Spiky filaments at the head of sperm cells may lash together, effectively allowing the swimming cells to harpoon an egg to facilitate fertilization. The new find could be a revelation in a fundamental process of life that is 14 years in the making.
Engineers have developed a mouth guard that can monitor health markers, such as lactate, cortisol and uric acid, in saliva and transmit the information wirelessly to a smart phone, laptop or tablet. The technology, which is at a proof-of-concept stage, could be used to monitor patients continuously without invasive procedures, as well as to monitor athletes' performance or stress levels in soldiers and pilots.
The careful examination of fossil fragments from Panama has led Smithsonian scientists and colleagues to the discovery of a new genus and species of river dolphin that has been long extinct. The team named it Isthminia panamensis.
Childhood memories of sticky hands from melting ice cream cones could soon become obsolete, thanks to a new food ingredient.
A groundbreaking new study has used advanced genetic sequencing technology to rewrite the history of sheep breeding and trading along the ancient Silk Road — insights that can help contemporary herders in developing countries preserve or recover valuable traits crucial to their food and economic security.
A Koran owned by the University of Birmingham could be the world’s oldest. Radiocarbon dating places the time of the text to the time of the Prophet Muhammad himself- meaning the holy book is one of the founding documents of Islam – a “treasure of global significance."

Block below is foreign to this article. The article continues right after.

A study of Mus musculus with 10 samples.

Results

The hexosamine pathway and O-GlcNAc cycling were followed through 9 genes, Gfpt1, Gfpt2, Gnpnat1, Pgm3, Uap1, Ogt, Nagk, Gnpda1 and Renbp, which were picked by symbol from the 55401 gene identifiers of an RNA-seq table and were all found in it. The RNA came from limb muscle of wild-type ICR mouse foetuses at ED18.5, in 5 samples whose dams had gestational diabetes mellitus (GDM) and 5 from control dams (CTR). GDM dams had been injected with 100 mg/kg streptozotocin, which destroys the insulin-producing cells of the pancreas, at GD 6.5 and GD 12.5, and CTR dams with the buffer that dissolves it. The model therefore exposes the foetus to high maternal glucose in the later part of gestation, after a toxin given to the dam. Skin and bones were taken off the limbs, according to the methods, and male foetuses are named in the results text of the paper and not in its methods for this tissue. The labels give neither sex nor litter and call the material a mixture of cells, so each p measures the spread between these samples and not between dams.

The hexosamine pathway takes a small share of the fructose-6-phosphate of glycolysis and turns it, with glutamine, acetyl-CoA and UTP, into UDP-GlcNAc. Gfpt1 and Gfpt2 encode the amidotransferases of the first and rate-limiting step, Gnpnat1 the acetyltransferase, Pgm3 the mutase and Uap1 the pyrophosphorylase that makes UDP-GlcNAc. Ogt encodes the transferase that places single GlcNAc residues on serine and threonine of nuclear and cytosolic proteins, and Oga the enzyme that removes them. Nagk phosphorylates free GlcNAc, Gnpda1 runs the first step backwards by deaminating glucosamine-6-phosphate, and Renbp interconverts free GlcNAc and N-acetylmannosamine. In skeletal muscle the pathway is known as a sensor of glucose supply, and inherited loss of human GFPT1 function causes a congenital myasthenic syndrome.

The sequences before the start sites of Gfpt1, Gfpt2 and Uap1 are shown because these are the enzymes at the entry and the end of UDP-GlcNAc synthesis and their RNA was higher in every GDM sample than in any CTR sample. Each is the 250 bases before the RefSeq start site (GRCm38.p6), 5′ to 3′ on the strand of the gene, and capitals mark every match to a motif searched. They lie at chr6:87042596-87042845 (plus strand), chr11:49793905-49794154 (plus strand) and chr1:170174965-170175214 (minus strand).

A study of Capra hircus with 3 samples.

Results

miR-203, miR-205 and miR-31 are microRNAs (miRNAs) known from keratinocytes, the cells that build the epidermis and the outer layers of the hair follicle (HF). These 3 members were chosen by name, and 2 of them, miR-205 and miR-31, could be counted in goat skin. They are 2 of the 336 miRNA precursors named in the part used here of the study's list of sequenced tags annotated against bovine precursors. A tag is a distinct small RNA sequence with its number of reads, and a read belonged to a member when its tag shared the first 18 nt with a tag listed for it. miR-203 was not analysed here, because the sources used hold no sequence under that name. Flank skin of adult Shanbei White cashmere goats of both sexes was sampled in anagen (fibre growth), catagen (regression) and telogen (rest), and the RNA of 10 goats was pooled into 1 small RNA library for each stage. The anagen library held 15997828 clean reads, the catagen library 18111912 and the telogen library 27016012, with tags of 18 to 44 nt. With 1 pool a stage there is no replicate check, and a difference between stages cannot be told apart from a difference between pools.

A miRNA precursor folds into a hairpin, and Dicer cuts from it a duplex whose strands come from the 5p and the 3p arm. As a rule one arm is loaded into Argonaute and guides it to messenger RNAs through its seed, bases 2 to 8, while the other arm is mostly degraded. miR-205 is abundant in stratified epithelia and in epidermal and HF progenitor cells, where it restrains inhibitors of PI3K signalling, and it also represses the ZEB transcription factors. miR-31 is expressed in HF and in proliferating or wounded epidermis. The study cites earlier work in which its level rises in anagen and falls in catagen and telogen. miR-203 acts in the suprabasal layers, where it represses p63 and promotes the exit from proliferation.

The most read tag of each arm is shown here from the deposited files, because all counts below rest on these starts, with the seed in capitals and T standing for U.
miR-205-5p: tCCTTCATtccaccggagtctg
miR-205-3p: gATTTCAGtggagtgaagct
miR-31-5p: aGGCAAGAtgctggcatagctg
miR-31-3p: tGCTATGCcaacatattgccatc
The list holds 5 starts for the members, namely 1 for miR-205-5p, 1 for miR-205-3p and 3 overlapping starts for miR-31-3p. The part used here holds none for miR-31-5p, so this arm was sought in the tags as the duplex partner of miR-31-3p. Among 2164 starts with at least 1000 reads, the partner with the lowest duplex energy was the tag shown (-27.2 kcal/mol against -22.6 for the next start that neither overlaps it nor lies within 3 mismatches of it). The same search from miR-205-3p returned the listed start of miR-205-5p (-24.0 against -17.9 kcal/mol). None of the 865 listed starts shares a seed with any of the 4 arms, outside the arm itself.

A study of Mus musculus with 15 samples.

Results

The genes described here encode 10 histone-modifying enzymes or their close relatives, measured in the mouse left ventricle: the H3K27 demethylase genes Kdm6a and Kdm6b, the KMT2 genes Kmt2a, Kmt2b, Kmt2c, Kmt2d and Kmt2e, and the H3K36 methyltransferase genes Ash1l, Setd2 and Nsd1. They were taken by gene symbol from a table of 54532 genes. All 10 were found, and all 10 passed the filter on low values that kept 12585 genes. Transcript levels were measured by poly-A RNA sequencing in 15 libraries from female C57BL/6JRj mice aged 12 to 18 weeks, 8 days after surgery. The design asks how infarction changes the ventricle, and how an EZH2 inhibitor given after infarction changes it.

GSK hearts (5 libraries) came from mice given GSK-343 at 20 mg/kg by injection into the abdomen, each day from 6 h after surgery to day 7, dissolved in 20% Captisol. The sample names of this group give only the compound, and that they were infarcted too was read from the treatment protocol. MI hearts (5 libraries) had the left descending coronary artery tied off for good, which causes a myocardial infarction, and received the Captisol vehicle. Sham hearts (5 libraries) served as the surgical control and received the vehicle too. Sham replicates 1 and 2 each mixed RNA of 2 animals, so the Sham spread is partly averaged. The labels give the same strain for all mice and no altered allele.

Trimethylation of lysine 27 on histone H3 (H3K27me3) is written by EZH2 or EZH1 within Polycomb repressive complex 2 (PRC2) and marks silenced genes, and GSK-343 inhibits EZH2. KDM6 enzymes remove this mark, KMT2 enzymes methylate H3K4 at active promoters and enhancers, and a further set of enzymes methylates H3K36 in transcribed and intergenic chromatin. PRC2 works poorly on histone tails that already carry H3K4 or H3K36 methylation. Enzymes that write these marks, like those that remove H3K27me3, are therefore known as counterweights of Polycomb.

Vision researchers have discovered a gene that causes myopia, but only in people who spend a lot of time in childhood reading or doing other “nearwork.”
A Siberian laboratory has opened with the goal of cloning extinct species found with frozen and preserved DNA, according to a Russian magazine. The Mammoth Museum Institute of Applied Ecology, at the North-Eastern Federal University in Yakutsk, opened in August – and is planning to recreate species from DNA extracted in the extreme cold of the nearby Arctic.
Older populations are scoring better on cognitive tests than people of the same age did in the past--a trend that could be linked to higher education rates and increased use of technology in our daily lives. At the same time, however, the study showed that average physical health of the older population has declined.
A tiny, wireless pacemaker could offer some heart patients a surgery-free alternative to the traditional devices, a new study says. Some doctors, however, say there are lingering safety questions and warned patients not to rush to get the new technology.
As many as nine out of 10 of the world's seabirds likely have pieces of plastic in their guts, a new study estimates. Previously, scientists figured about 29 percent of seabirds had swallowed plastic, based on older studies.
One more reason to watch the waistline: New research says people's weight in middle age may influence not just whether they go on to develop Alzheimer's disease, but when. Researchers at the National Institutes of Health took a closer look and reported that being overweight or obese at age 50 may affect the age, years later, when Alzheimer's strikes.
Research into 430,000-year-old fossils collected in northern Spain found that the evolution of the human body's size and shape has gone through four main stages, according to a paper published this week.
Almost half a billion years ago, way before the dinosaurs roamed, Earth's dominant large predator was a sea scorpion that grew to 5 feet 7 inches, with a dozen claw arms sprouting from its head and a spike tail, according to a new study.
President Barack Obama traveled to Alaska yesterday to push change-policies. Part of the agenda involved renaming North America’s tallest mountain. Alaska, stretching up to the Arctic Circle, has been experiencing wildfires, bigger storm surges, glacier melt and some of the quickest shore erosion seen in the world, the president said in his latest weekly address.
Three major hurricanes lined up in the middle of the Pacific Ocean over the weekend. The three Category Four storms Kilo, Ignacio, and Jimena were the first to all be active at that strength during the same time in the Pacific, according to experts.